What the “Lipstick Index” Gets Wrong about Women in the Recession
3:35 pm, November 21st | by Amy Tennery
Chances are you’ve probably heard of the lipstick index — it’s a decade-old concept claiming that lipstick sales rise during times of economic struggle. The theory says that women, faced with dwindling means to purchase luxury items, will splurge on lipstick as an escape. Unfortunately for cosmetics companies, this idea has been criticized on more than one occasion for being sexist. While the world faces down challenging financial conditions, women are out buying lipstick? Sure, maybe, but they’re also making sacrifices, and working hard to stay employed.
To be sure, lipstick isn’t the only measure used in pop economics. People love to gauge national economic stability in terms of consumer product sales — there’s the latte index, the Big Mac index, and the soda index. And yet, women’s consumer products are invoked with an alarming frequency when discussing financial conditions. Why?
This tendency actually dates back to the 1920s, when one economist claimed that hemlines tended to get lower when times got tough (this, fittingly, became known as the “hemline index”), seemingly because women were purchasing more practical fashions. A mini-skirt will only take you so far, after all. In addition to this and lipstick there’s also the foundation index and, most recently, the high heel index.
This latest addition, according to the Christian Science Monitor, claims that women buy higher heeled shoes in times of economic turmoil as a means of escapism. And it’s the same insidious brand of sexism as the lipstick index. The message is: when things get rough, women can’t hack it — so they go play dress up to feel better.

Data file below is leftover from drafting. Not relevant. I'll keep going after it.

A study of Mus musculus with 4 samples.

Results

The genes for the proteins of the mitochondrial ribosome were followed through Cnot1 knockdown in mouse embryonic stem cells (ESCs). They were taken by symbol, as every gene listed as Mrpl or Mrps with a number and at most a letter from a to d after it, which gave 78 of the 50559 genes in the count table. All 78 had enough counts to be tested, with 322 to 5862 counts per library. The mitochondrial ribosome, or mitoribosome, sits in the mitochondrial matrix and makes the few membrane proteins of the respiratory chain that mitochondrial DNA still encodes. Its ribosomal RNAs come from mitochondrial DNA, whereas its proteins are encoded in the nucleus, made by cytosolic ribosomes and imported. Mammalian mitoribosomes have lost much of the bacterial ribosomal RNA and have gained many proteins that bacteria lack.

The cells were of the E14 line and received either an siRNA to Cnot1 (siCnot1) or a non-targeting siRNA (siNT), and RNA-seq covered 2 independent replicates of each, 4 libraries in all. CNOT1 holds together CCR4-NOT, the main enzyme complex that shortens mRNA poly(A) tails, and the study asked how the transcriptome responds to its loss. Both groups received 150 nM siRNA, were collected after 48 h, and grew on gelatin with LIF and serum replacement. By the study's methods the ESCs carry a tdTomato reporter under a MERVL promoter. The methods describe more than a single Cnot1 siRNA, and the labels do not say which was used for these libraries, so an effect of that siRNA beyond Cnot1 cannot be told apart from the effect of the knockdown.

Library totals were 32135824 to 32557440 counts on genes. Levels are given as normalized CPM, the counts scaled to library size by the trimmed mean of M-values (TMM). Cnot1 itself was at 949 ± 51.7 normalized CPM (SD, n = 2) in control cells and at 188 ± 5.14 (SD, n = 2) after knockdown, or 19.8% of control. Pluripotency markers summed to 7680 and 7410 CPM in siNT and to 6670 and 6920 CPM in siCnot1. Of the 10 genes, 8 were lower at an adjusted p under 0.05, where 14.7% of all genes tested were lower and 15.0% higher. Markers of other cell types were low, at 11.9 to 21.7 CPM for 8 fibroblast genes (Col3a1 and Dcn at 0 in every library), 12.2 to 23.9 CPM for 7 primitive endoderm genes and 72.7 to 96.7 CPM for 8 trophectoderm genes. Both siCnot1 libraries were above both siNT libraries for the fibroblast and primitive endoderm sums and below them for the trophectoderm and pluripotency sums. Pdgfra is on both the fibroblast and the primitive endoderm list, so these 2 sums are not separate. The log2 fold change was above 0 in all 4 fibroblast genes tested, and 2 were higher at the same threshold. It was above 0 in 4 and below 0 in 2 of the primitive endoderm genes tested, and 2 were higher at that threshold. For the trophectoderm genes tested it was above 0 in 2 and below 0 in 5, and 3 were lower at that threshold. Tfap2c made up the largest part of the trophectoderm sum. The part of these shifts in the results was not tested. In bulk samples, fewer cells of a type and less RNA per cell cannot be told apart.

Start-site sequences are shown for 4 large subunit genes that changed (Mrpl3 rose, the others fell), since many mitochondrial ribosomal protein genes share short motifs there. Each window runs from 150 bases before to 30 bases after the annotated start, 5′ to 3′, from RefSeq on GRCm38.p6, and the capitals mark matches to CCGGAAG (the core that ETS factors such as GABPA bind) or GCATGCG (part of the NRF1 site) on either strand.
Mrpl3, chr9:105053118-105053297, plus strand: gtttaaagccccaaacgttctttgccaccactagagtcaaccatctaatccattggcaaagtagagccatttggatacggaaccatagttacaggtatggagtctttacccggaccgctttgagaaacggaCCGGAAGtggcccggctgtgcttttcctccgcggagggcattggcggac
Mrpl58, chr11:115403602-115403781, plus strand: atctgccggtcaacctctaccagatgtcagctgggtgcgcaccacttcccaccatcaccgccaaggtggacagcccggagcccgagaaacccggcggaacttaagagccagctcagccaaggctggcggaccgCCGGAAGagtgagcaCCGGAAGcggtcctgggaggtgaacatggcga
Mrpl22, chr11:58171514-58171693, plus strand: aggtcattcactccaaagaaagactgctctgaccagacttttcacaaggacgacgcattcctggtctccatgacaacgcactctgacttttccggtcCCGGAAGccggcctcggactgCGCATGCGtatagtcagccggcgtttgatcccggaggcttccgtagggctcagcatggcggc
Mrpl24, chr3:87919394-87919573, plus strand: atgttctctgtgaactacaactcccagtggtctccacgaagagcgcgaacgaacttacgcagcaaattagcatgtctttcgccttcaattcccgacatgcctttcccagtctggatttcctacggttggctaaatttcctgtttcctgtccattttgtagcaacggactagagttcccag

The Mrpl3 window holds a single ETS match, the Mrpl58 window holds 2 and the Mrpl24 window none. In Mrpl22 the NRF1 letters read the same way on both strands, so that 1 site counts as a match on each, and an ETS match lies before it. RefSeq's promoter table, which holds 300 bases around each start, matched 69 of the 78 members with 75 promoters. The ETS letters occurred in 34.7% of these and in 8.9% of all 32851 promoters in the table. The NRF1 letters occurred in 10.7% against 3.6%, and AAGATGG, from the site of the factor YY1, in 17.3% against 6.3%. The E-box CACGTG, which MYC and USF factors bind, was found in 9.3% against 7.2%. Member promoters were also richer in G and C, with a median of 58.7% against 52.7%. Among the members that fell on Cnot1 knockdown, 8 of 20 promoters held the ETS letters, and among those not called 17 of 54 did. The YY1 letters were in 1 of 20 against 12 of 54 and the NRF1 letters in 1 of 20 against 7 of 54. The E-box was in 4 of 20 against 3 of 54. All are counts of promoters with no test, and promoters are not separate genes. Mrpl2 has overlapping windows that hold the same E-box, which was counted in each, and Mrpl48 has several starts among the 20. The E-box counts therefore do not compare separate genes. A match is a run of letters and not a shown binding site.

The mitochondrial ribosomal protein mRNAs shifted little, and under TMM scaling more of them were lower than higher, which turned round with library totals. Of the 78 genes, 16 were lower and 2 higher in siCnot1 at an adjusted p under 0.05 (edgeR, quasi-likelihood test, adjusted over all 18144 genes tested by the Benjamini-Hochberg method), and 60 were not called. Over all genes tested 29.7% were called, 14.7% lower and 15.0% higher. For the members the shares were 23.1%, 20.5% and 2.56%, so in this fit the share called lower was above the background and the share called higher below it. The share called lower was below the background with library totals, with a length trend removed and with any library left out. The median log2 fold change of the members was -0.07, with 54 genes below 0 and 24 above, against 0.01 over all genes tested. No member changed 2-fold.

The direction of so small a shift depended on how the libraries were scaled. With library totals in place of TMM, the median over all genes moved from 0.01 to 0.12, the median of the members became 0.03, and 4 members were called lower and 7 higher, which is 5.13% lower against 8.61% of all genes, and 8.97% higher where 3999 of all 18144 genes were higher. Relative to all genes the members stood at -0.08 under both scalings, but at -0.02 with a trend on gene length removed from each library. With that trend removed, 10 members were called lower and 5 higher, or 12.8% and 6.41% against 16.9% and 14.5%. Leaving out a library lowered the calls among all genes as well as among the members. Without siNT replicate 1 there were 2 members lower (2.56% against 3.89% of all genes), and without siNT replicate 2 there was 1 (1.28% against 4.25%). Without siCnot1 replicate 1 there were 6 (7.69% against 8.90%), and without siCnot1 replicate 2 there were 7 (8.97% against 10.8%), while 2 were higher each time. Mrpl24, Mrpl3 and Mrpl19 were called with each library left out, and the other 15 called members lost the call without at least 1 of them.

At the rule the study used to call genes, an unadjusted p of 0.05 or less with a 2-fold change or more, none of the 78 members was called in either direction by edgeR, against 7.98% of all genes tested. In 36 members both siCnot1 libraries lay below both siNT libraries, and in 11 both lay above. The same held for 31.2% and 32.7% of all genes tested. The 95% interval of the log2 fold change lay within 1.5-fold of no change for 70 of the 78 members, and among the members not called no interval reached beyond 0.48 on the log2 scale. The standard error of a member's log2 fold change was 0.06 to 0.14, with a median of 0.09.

You could argue this shows women are power consumers whom everyone’s watching — when women spend, people notice, et cetera. But there’s something quite demeaning about it because there’s rarely any equivalent mentioned for men. As The Economist put it, there is no “cufflink index.” And, while it might be a legit trend, the frequent mention of the lipstick index reinforces the idea that women more than men seek refuge in shopping when confronted by challenging financial times.
Yes, lipstick and high-heels and an ankle-grazing peasant skirt can cheer anyone up — and we should all learn to appreciate the little things that make us feel better in bad times. But the glut of studies that pin mindless consumerism to women — and the lack of similar reports with regard to men — is dangerous. Women fight hard when business is bad (and, in fact, more and more take on the role of breadwinner). So why do other studies seem bent on trying to prove the opposite?